The German Hunting and Fishing Museum has been situated in Munich’s pedestrian zone since 1966. Today it is one of the most important museums devoted to hunting in the world.
Some impressive exhibits from the world of hunting and fishing await visitors here today. There are approximately 3,000 square metres of exhibition space housing stuffed animals, hunting weapons and a large number of paintings, graphics and hand drawings.
The origins of the German Hunting and Fishing Museum go back to the beginning of the 20th Century, to a time when hunting was still an important part of social life. At that time the calls for a museum in Munich devoted to hunting became ever louder.
Later on the subject of hunting came to have a rather special meaning for the National Socialists. At the very last minute the former Bavarian Ministry for Agriculture halted the proposed sale of a collection of antlers belonging to the Duke Arco to the Netherlands. This went on to form the basis of the collection at the Munich Hunting Museum.
With the support of the National Socialist regime, the North wing of the Nymphenburg Palace opened its gates to house the collection in October 1938. The occasion was marked by a great procession under the slogan: “1,000 years of hunting – 1,000 years of traditional costumes.” This was a perfect opportunity for the National Socialist Party to promote its message.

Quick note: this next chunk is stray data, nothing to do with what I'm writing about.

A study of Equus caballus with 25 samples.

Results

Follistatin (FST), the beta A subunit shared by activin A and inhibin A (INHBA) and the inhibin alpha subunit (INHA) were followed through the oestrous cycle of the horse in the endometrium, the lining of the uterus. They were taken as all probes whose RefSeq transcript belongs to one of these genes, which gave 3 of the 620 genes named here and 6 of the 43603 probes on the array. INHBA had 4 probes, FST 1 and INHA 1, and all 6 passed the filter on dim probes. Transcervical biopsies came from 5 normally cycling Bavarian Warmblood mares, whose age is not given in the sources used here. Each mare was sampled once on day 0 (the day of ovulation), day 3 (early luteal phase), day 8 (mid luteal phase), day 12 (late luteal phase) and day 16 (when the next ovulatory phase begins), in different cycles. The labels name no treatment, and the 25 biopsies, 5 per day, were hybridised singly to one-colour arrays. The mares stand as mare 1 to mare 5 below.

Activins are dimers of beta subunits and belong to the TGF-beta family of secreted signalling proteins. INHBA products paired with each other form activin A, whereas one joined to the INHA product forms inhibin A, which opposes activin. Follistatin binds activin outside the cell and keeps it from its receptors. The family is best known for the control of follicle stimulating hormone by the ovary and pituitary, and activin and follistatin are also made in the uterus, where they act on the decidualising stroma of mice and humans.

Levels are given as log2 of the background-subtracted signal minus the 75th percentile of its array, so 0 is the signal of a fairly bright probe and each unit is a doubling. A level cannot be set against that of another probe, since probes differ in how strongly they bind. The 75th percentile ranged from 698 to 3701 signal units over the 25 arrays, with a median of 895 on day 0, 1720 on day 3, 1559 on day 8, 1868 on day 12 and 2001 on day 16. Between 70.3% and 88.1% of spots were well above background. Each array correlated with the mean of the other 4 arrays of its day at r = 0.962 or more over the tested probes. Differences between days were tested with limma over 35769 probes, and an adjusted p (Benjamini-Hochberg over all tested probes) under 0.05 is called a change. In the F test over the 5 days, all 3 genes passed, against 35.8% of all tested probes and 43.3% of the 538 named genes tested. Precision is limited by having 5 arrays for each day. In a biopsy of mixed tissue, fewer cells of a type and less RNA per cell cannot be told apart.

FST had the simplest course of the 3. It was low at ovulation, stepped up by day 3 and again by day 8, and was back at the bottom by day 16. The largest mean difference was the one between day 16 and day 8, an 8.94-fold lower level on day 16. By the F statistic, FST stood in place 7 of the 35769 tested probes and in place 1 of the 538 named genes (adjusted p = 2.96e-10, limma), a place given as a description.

After the Second World War, the Museum’s future looked uncertain. In 1958, it was decided, however, to use the former church of St Augustine in the pedestrian zone as a new location for the Museum. The museum was opened in November 1968.
It was not until the beginning of the 1980s that the collection was expanded with the addition of the first fresh water museum department in the German-speaking world and the museum’s name was changed to the German Hunting and Fishing Museum.